Heavy Metals in Baby Foods: Class Action Lawsuit Investigation
Last Updated on May 5, 2021
Attorneys working with ClassAction.org are no longer investigating this matter. The information here is for reference only. A list of open investigations and lawsuits can be viewed here.
- May 5, 2021 – Investigation Closed, Lawsuits Moving Forward
- Attorneys working with ClassAction.org have decided to close their investigation into this matter as they have received enough information from consumers who purchased potentially contaminated baby food. A number of lawsuits have been filed and are moving through the court system. So, if you want to stay up to date on their progress, make sure to sign up for our newsletter. You can also learn more about why you generally don’t need to do anything to join a class action lawsuit right here.
The information below was posted when the investigation began and remains for reference only.
At A Glance
- This Alert Affects:
- Anyone who purchased certain baby food products reportedly found to contain high levels of toxic heavy metals.
- What’s Going On?
- Attorneys working with ClassAction.org are investigating whether they can file class action lawsuits against manufacturers believed to have sold baby food products with dangerously high levels of toxic heavy metals.
- How Could a Class Action Lawsuit Help?
- A class action lawsuit could give consumers a chance to recover some of the money they spent on the baby food and force the manufacturers to recall the products or add warnings about the presence of heavy metals.
Attorneys working with ClassAction.org would like to hear from anyone who purchased baby foods reportedly found to contain high levels of toxic heavy metals.
Specifically, they’re looking to speak with consumers who purchased any of the products listed below.
Happy Baby/Happy Family (Nurture Inc.)
- Sweet Potato and Carrot
- Banana and Pumpkin
- Strawberry and Beet
- Apple and Broccoli
- Strawberry and Raspberry
- Rice Cakes
- Blueberry Beet
- Whole grain cereal
- Teethers (made with rice flour)
- Pea and Spinach
Parent's Choice (Walmart)
- Baby Rusks - Banana Flavored
- Baby Rusks - Blueberry Flavored
Congressional Report: Baby Foods Tainted with “Dangerous Levels” of Arsenic, Lead, Other Heavy Metals
In November 2019, a congressional subcommittee asked seven of the largest U.S. baby food manufacturers to produce internal documents and tests results after an outside investigation revealed high levels of toxic chemicals, including arsenic and lead, in certain products.
The subcommittee specifically requested information from the following companies:
- Nurture, Inc., which sells Happy Family Organics, including baby food products under the brand name Happy BABY
- Beech-Nut Nutrition Company
- Hain Celestial Group, Inc., which sells baby food products under the brand name Earth’s Best Organic
- Campbell Soup Company, which sells baby food products under the brand name Plum Organics
- Walmart Inc., which sells baby food products under its Parent’s Choice brand
- Sprout Foods, Inc.
While Nurture, Beech-Nut, Hain Celestial and Gerber responded to the congressional request, Walmart, Campbell and Sprout refused to produce any documents, leading the subcommittee to become “greatly concerned that their lack of cooperation might be obscuring the presence of even higher levels of toxic heavy metals in their baby food products than their competitors’ products.”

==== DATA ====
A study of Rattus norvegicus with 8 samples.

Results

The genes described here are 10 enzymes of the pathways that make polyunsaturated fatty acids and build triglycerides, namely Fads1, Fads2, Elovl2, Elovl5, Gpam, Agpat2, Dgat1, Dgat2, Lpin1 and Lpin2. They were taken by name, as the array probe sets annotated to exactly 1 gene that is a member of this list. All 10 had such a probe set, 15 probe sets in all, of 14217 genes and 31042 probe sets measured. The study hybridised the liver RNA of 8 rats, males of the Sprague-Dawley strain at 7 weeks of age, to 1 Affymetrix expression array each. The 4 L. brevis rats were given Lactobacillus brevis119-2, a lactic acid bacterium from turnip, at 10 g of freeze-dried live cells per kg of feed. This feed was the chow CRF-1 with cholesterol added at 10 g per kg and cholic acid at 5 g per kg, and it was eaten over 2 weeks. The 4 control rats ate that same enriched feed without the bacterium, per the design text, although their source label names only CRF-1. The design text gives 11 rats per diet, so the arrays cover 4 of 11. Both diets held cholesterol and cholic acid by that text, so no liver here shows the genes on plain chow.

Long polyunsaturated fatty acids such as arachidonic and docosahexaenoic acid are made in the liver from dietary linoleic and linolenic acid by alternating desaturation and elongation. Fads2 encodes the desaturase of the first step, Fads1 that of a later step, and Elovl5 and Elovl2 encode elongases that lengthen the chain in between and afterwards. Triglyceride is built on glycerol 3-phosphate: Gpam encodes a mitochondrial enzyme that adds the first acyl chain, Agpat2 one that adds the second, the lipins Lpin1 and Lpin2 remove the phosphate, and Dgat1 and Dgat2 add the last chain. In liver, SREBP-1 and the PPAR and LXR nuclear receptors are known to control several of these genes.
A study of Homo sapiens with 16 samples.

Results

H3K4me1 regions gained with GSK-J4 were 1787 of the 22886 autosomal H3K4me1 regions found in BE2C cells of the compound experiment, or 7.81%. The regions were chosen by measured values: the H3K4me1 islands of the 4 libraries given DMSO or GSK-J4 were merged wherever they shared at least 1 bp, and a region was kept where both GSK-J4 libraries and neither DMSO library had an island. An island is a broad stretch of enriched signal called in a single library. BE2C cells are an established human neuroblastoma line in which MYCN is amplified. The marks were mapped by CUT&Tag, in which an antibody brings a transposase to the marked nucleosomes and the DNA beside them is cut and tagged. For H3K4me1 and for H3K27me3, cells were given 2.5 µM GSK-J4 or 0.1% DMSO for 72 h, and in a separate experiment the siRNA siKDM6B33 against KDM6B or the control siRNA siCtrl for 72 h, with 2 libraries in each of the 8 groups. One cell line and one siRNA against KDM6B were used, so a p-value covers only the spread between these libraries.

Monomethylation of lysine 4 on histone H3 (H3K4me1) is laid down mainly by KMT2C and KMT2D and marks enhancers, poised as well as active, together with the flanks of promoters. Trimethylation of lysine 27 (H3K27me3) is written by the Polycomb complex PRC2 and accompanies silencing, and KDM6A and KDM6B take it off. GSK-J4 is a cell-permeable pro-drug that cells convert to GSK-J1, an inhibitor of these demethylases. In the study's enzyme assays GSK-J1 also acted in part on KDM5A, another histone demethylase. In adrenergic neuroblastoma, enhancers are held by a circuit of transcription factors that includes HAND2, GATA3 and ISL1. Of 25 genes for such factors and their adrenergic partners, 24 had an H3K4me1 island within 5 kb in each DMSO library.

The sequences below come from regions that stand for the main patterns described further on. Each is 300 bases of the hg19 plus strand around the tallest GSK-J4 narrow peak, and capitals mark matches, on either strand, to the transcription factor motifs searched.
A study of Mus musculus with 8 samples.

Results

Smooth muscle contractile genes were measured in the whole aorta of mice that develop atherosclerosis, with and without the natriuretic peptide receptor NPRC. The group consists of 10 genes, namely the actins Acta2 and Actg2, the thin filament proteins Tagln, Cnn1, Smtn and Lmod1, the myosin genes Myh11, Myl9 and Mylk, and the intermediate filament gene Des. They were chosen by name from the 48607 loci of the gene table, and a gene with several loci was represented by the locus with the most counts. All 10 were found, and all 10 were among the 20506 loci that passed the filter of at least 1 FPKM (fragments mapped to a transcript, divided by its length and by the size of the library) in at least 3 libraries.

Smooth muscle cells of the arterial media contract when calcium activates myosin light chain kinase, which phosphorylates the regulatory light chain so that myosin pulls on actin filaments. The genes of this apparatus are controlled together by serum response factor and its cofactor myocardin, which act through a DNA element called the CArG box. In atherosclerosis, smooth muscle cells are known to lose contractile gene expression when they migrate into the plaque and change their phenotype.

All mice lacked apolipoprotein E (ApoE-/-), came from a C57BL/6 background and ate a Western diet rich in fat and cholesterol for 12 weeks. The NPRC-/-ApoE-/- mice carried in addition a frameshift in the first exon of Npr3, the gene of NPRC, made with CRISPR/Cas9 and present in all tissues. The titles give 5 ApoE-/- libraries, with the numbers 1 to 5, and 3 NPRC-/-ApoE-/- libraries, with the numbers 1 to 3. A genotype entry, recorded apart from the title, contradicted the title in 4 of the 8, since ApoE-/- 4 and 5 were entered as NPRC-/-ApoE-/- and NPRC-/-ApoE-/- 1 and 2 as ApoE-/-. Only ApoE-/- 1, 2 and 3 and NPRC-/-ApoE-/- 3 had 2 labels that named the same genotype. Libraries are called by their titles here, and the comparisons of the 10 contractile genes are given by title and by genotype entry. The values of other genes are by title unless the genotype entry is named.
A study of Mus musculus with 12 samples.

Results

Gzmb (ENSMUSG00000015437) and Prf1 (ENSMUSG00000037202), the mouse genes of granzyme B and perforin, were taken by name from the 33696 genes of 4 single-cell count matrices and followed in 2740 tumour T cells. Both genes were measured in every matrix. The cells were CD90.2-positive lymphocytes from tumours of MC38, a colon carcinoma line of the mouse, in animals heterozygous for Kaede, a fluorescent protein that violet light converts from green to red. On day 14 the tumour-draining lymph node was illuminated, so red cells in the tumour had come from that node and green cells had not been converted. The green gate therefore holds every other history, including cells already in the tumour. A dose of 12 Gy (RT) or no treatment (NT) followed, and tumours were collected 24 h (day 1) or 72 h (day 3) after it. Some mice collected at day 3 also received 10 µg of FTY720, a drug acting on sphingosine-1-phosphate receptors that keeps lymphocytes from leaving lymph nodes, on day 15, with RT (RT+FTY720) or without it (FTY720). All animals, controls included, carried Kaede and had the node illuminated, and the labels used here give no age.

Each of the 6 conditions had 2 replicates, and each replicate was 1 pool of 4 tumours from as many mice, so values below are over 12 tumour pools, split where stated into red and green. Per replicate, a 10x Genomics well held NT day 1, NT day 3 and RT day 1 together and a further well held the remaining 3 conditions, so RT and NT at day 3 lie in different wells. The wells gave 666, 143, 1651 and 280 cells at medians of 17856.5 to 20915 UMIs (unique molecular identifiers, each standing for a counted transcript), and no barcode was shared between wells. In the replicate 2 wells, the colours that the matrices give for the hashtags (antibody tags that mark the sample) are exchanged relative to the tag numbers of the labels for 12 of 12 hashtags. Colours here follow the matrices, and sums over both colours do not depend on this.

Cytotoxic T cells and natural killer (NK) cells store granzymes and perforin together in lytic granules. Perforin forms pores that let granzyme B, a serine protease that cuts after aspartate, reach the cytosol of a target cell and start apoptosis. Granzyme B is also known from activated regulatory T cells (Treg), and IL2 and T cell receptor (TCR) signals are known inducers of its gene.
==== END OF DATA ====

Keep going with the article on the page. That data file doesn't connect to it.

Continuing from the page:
According to the documents and test results that were produced, commercial baby food products were found to contain arsenic, lead, cadmium, mercury and other toxic heavy metals at levels that are multiple times higher than the allowable limit in other products.
For instance, the Food and Drug Administration (FDA) sets heavy metal limits for bottled water at 10 ppb inorganic arsenic, 5 ppb lead and 5 ppb cadmium, and the Environmental Protection Agency caps the maximum allowable amount of mercury in drinking water at 2ppb. The levels of toxic heavy metals in the tested baby foods and their ingredients well surpassed these limits, with results showing “up to 91 times the arsenic level, up to 177 times the lead level, up to 69 times the cadmium level, and up to 5 times the mercury level,” according to the report.
While the baby food manufacturers reportedly set limits on the amount of heavy metals their products can contain, the subcommittee found that these internal standards often allowed for “dangerously high levels” of toxic heavy metals and that the companies still sold their products even when they exceeded these limits.
It’s important to note that while the subcommittee is urging the FDA to determine whether there is a safe exposure level for infants and require manufacturers to comply with such limits, no recalls have been issued for the baby food products mentioned in the congressional report.
How Could a Class Action Lawsuit Help?
If successful, a class action lawsuit could prohibit the companies from selling their products until the heavy metals are removed or warning labels are added.
Further, the companies could be forced to recall the affected products; remove any representations that the products are healthy, natural or safe; and give people back the money they spent on the baby food.
Baby Food Contamination: What’s the Risk?
Both the FDA and the World Health Organization have declared heavy metals as “dangerous to human health,” particularly for infants and children who are “most vulnerable to their neurotoxic effects,” the subcommittee’s report states. Heavy metal exposure can harm a child’s developing brain even at low levels and has been linked to problems with learning, behavior and cognition.